A Bidomain Model for Lens Microcirculation.



There exists a large body of research on the lens of the mammalian eye over the past several decades. The objective of this work is to provide a link between the most recent computational models and some of the pioneering work in the 1970s and 80s. We introduce a general nonelectroneutral model to study the microcirculation in the lens of the eye. It describes the steady-state relationships among ion fluxes, between water flow and electric field inside cells, and in the narrow extracellular spaces between cells in the lens. Using asymptotic analysis, we derive a simplified model based on physiological data and compare our results with those in the literature. We show that our simplified model can be reduced further to the first-generation models, whereas our full model is consistent with the most recent computational models. In addition, our simplified model captures in its equations the main features of the full computational models. Our results serve as a useful link intermediate between the computational models and the first-generation analytical models. Simplified models of this sort may be particularly helpful as the roles of similar osmotic pumps of microcirculation are examined in other tissues with narrow extracellular spaces, such as cardiac and skeletal muscle, liver, kidney, epithelia in general, and the narrow extracellular spaces of the central nervous system, the "brain." Simplified models may reveal the general functional plan of these systems before full computational models become feasible and specific.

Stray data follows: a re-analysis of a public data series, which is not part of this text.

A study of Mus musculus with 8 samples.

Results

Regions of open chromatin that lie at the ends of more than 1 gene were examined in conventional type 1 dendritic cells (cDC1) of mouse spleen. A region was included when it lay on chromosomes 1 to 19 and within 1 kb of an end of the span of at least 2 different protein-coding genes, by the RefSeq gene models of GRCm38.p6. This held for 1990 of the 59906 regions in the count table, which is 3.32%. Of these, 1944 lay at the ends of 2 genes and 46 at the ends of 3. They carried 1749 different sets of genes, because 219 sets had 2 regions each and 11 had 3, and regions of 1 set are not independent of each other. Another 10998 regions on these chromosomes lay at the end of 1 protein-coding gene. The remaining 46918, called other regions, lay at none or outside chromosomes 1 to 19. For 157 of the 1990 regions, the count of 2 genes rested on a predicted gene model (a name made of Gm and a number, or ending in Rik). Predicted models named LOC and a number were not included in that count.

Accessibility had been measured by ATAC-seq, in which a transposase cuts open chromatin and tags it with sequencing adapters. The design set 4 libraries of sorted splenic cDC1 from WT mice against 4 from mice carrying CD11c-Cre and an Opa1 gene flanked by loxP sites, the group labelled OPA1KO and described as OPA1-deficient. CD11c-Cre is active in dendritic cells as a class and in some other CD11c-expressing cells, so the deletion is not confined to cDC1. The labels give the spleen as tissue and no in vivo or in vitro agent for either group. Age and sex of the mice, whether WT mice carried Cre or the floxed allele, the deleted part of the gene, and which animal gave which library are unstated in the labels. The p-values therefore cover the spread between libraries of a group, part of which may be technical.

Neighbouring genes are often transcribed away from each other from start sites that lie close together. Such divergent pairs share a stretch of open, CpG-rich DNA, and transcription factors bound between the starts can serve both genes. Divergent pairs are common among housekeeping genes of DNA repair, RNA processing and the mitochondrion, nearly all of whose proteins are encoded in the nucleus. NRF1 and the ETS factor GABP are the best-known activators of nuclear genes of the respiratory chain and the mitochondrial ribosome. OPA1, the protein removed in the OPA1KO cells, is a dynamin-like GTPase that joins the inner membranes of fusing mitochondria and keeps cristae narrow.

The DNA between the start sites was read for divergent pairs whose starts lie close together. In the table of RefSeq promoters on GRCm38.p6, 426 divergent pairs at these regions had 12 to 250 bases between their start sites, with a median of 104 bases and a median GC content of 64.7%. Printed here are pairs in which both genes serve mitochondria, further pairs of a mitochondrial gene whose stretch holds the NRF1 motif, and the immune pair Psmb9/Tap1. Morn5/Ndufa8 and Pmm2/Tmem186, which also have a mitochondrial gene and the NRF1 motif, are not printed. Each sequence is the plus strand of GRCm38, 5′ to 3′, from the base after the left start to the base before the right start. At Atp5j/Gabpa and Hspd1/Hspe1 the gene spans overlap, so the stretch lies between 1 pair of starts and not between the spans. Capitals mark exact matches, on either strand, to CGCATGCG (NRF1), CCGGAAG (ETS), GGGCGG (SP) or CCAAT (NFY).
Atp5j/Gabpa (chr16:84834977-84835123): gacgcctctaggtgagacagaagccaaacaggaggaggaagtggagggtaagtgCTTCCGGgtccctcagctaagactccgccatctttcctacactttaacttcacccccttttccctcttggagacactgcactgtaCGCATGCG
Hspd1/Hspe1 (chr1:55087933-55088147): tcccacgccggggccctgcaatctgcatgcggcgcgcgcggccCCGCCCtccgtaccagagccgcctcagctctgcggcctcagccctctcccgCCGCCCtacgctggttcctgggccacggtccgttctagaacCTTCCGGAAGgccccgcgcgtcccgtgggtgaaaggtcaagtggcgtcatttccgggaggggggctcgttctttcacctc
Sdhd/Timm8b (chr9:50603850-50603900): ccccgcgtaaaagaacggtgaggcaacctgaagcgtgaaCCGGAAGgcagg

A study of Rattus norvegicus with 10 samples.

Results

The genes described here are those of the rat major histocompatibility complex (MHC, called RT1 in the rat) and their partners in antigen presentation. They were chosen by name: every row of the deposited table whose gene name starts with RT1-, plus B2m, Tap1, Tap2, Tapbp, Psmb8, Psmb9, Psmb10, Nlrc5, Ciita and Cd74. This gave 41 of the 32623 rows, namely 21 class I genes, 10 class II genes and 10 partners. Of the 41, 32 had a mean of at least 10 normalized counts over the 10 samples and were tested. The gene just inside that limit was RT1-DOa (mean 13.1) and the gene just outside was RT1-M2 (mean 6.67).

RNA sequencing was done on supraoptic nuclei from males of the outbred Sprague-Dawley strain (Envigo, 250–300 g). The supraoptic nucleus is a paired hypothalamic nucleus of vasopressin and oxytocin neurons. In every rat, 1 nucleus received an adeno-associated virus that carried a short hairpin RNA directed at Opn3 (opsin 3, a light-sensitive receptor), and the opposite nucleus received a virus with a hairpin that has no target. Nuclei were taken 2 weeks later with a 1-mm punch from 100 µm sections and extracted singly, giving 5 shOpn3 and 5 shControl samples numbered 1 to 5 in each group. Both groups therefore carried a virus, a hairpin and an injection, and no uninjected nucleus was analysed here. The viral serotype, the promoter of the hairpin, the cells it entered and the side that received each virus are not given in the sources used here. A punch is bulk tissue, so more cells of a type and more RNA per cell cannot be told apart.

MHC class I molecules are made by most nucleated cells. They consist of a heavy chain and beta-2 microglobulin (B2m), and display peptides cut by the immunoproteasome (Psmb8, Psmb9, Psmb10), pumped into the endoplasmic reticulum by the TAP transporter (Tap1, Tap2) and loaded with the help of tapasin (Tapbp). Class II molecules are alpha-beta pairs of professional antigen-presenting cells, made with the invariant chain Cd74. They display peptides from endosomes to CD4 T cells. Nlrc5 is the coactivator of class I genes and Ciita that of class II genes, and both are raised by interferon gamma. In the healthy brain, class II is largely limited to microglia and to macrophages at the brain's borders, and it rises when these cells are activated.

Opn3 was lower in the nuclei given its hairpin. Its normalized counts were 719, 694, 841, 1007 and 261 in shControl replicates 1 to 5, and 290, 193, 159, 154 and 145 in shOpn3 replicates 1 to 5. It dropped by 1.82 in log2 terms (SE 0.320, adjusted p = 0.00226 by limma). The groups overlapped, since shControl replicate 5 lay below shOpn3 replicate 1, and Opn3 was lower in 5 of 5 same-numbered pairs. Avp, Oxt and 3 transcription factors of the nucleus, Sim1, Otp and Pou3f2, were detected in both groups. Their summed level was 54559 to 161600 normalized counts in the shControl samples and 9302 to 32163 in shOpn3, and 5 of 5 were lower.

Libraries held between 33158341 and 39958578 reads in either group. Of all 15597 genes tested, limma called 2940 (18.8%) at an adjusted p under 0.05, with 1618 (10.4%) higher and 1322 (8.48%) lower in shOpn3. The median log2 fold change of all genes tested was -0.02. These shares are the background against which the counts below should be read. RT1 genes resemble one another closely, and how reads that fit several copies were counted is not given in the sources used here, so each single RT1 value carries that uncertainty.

Xu

Shixin Xu

Assistant Professor of Mathematics at Duke Kunshan University

Shixin Xu is an Assistant Professor of Mathematics whose research spans several dynamic and interconnected fields. His primary interests include machine learning and data-driven models for disease prediction, multiscale modeling of complex fluids, neurovascular coupling, homogenization theory, and numerical analysis. His current projects reflect a diverse and impactful portfolio:

  • Developing predictive models based on image data to identify hemorrhagic transformation in acute ischemic stroke.
  • Conducting electrodynamics modeling of saltatory conduction along myelinated axons to understand nerve impulse transmission.
  • Engaging in electrochemical modeling to explore the interactions between electric fields and chemical processes.
  • Investigating fluid-structure interactions with mass transport and reactions, crucial for understanding physiological and engineering systems.

These projects demonstrate his commitment to addressing complex problems through interdisciplinary approaches that bridge mathematics with biological and physical sciences.